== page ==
August 30 2016 Latest news:
Adam Aiken, Editor
Tuesday, January 17, 2012
Even maths boffins struggle to understand how unauthorised overdraft charges work, with complex fee structures making it virtually impossible for customers to calculate how much they are going to be charged by their banks.
That’s the verdict of consumer group Which?, after it asked a group of volunteers to work out how much they would be charged in a number of scenarios.
Despite one of the Which? volunteers being a maths PhD student, none of them got all the calculations right. Between them, they managed to get only seven out of 48 charges correct between them.
Which? said there were numerous complex rules and additional fees on top of overdraft charges. It said Lloyds TSB’s fees were particularly confusing, with three different types of fees in addition to charging interest on unplanned overdrafts.
The research also found that customers at one institution can pay much more for unauthorised overdrafts than those at another. For example, Nationwide charged the highest fees – £50 – for customers making one payment from their accounts while being overdrawn for two days in a row in a month. The equivalent fees at Halifax were £10.
Which? said it wanted the Financial Conduct Authority, the new regulator due to be in place later this year, to look at stopping unfair overdraft charges.
“While the government has previously announced reforms to tackle unfair overdraft charges, they simply don’t go far enough,” said Which? chief executive Peter Vicary-Smith.
“It’s extremely disappointing to find that bank charges are still too high, too complex and impossible to compare.
“It’s essential that the government gives the new financial regulator the powers to limit these charges and to challenge their complexity.
“We want to see the new regulator put consumer protection at the heart of everything it does. The regulator must be a strong, open and proactive watchdog that stands up to the banks, not a lapdog.”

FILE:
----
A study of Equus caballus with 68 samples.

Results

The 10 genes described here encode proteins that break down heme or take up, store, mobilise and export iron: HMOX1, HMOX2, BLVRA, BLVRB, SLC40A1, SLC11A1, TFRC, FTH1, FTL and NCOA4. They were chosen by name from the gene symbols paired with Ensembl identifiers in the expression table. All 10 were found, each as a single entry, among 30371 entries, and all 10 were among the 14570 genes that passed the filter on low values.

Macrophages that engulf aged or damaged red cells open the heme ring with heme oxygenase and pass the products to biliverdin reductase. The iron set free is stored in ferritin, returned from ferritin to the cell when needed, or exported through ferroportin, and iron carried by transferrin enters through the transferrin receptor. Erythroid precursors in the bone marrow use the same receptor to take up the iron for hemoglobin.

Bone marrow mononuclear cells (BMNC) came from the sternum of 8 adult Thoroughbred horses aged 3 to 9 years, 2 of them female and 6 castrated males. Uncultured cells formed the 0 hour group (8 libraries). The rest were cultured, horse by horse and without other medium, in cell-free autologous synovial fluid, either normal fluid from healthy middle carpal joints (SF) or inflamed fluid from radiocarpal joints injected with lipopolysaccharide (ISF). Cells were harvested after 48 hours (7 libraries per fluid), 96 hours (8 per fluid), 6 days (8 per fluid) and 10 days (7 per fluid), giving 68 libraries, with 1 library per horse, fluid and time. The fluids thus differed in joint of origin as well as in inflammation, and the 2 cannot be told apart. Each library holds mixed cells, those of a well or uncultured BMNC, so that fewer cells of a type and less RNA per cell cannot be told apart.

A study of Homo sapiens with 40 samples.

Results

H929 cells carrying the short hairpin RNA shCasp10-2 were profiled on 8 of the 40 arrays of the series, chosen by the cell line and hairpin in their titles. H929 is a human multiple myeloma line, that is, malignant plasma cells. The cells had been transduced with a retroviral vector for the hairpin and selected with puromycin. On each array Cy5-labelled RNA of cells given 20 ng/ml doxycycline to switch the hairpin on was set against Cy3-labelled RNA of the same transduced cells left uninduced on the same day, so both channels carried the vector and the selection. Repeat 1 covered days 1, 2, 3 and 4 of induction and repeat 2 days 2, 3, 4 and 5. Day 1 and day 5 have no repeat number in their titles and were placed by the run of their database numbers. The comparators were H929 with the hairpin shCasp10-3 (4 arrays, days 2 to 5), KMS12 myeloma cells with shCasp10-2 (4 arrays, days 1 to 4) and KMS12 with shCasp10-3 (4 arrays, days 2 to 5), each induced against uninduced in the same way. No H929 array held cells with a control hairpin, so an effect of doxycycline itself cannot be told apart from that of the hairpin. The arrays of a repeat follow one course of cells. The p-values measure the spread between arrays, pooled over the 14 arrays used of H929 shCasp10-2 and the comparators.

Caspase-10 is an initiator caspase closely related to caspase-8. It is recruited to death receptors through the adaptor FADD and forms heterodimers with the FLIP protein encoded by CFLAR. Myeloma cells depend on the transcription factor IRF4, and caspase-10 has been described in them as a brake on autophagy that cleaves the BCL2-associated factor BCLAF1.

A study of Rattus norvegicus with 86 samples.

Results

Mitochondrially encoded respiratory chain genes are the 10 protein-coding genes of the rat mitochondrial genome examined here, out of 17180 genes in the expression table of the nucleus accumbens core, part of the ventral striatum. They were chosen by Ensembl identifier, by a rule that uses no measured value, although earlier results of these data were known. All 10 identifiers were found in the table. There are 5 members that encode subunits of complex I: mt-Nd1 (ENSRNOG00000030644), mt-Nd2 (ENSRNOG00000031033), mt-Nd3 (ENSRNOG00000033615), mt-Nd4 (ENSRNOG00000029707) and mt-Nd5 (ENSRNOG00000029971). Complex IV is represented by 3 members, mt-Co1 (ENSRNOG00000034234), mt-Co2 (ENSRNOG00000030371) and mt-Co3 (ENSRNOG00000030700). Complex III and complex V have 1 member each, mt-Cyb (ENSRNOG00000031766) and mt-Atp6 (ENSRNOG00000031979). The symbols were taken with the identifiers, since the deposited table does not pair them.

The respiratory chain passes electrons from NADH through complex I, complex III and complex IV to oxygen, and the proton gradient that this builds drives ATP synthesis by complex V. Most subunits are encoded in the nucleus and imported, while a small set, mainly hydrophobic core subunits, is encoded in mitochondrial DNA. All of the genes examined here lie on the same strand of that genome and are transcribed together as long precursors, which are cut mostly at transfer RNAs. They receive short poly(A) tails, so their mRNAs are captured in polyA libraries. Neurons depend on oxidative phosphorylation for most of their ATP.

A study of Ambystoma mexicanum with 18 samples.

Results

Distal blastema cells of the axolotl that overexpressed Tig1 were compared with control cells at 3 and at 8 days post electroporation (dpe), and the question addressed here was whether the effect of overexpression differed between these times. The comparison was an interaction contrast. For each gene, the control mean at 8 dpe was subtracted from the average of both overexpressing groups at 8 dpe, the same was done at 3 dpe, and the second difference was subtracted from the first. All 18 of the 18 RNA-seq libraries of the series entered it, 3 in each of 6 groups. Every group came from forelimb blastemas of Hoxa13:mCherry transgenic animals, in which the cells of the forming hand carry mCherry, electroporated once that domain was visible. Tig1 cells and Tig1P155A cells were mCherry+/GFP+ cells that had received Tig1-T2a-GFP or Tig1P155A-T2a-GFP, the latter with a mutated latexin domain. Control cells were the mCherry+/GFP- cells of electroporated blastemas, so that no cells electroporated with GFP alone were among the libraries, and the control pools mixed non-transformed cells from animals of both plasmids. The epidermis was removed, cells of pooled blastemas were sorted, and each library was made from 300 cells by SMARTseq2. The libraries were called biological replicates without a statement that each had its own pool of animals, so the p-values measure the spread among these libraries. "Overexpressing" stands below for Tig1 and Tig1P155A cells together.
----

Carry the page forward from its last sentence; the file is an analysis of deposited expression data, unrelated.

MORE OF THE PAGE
The British Bankers’ Association, the industry’s trade body, made the point that unauthorised charges would not be applied to any accounts kept in credit or within agreed overdraft limits.
“Most customers don’t go into an unauthorised overdraft,” a spokesman said.
“Those who do so regularly should consider asking for an overdraft limit or review the way they operate their account.
“Whichever way you operate your account it’s important to shop around for the best deal that suits you. The major banks all provide six common charging scenarios on their websites to allow customers to see what charges they may incur if they were customers of that bank. They can then compare the relative costs between different banks.”
The Which? research found that many banks used expensive daily fees. RBS charged £6 a day, equivalent to annual interest of 2,190pc, on a £100 unauthorised overdraft. This is the sort of rate charged by payday loan companies that made the headlines in the run-up to Christmas.
The BBA spokesman said: “The major banks recently announced a package of initiatives designed to introduce more transparency.
“These include text alerts if the account is getting close to an agreed limit; ‘wiggle’ room so that the customer won’t be charged if they accidentally slip into the red by a small amount; and clearer information about when charges will be debited to the account and the point by which time during the day funds have to be paid into the account in order to avoid charges.
“Customers will also be able to opt out of overdraft facilities completely so that the account can’t go overdrawn at all.”